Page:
Stephanie Firestone

I was introduced to art at an early age and took special interest in the organic forms of the human figure, which is a constant for much of my work. When other children were looking at children’s books, I was flipping through the pages of my father’s college textbook of drawing the human anatomy. I dabbled in paint (he had a small painting studio in the basement of our home in Chevy Chase, MD) and I started with the clay one makes from flour and water.

I ran a one-person graphic design studio for 30+ years before returning to fine art. Clients included Smithsonian Institution’s various offices, including National Air and Space Museum; American Red Cross NHQ, AMVETS NHQ, GEICO, and Promontory Financial Group to name a few. It was an exhilarating time, but now my focus is on fine art.

I migrated to Roanoke, VA, late 2020, during COVID. This turned out not to be the right move at the time, however, I have found a fabulous art community here! When I am in my apartment studio painting or sculpting, I lose myself in the process and it is very contemplative.

After working with graphic design on the computer for so many years, it is calming to work with elements of nature.
Presently I exhibit often times along with my late father's works - Peter Haikalis - whose subject matter is almost exclusively the human figure. 



Terra cotta

This cubist sculpture photo was captured at my home show on a pedestal with the dramatic natural light. It sold that afternoon to a woman who simply had to own it.



Stoneware, Raku firing method

I have created three of these box forms and they sold. A fourth one recently came out of the Raku firing and will be shown this December 3rd at the James Renwick Alliance JRA DAY exhibition and sale. I rarely repeat a form but this one intrigues me enough with the random texture and the glittery glaze that falls all over it.

Torso Black.

Torso Black

Terra cotta with acrylic patina

Exhibited by invitation from Olivia Kohler-Maga: "Select 2014: WPA Auction Gala," March 22, 2014. Catalog. This was one of many curators who chose artists and their specific works. She saw a small version of this in my studio and said “I want this, but large” (and she motioned with her hands). I agreed and set out to work on structure for a large-scale, hollow piece. Great experience for me; and it sold at the event to a collector in Chicago, IL.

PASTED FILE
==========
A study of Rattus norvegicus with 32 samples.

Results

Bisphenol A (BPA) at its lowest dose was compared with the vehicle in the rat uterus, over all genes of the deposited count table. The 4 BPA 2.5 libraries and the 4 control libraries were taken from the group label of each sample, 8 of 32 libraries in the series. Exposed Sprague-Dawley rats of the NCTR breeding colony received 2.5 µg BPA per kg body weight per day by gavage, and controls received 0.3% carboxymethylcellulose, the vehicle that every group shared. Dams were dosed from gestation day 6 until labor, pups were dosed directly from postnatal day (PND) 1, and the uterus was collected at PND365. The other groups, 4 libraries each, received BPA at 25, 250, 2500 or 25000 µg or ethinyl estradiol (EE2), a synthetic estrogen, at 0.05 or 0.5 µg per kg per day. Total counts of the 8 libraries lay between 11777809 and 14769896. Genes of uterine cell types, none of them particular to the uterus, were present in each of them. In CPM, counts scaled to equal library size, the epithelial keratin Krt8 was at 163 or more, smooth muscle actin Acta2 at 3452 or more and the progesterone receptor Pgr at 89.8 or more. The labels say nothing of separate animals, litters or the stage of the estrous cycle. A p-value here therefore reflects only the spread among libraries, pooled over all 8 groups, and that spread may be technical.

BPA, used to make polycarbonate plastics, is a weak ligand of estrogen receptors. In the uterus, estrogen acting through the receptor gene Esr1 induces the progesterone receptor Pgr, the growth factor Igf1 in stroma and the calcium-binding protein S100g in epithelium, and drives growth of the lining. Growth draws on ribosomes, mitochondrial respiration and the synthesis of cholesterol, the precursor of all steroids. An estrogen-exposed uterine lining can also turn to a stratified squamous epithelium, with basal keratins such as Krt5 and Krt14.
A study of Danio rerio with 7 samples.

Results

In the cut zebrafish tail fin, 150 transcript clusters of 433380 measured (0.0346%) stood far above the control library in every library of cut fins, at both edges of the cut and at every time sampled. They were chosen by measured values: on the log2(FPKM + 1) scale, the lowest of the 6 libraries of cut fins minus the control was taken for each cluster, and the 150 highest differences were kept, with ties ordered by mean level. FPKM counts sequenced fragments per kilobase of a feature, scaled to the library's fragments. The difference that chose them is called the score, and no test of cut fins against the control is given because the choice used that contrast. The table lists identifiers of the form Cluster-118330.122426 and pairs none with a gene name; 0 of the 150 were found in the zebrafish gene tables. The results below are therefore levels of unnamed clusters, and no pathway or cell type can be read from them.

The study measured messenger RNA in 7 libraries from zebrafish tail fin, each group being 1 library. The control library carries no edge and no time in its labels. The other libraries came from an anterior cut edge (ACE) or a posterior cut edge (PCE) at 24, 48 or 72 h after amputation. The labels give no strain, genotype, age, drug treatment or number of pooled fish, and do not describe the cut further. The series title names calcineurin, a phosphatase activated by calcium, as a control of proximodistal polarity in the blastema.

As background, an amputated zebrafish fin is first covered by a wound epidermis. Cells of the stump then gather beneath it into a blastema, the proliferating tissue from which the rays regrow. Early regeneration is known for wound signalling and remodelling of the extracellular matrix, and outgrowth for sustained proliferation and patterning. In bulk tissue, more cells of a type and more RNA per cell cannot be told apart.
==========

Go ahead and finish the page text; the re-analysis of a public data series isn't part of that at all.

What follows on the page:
Homage to the Earth.

Homage to the Earth

Stoneware, Raku fired, wood

I decided to ‘frame’ this successful Raku vessel in this light box frame. This is one of a series of the
box sculptures. Some have sold. I had a wood worker craft more frames for me to play with. ‘Homage’ has been juried into shows: Honorable Mention, "Ceramics Online Juried Show," Ocean City Art Guild. Judges: Marie Cavallaro and Ernest Satchell. Judges comments: ‘#19 Homage to the Earth is a simplistic arrangement of natural and manmade materials that are framed in an esthetically pleasing manner. The individual parts of the composition may not be significant individually but when put together works extremely well.’

Juried Exhibition: "Pieces and Parts," Falls Church Arts Gallery, Falls Church, VA; Exhibited at LinDor Arts Gallery, SW Roanoke, VA



Stoneware, Raku fired, welded steel

Another sculpture requested by Olivia Kohler- Maga for “Select 2014” (See description under Torso Black). This was sculpted from a live model using only a rolled out slab of clay. The white crackle is from the fast firing method where the smoke sinks in where the crackle glaze leaves random openings. Previously, this had also been exhibited at Strathmore Hall Member Show and Artomatic Takes Flight: Reagan National Airport. Two other sculptures were made in this technique. One sold at TaBois Galerie d’Art; The remaining one is available.



Terra cotta

First and only shown at TaBois Galerie d'Art, McLean, VA in 2008. This sold at the beautiful opening reception.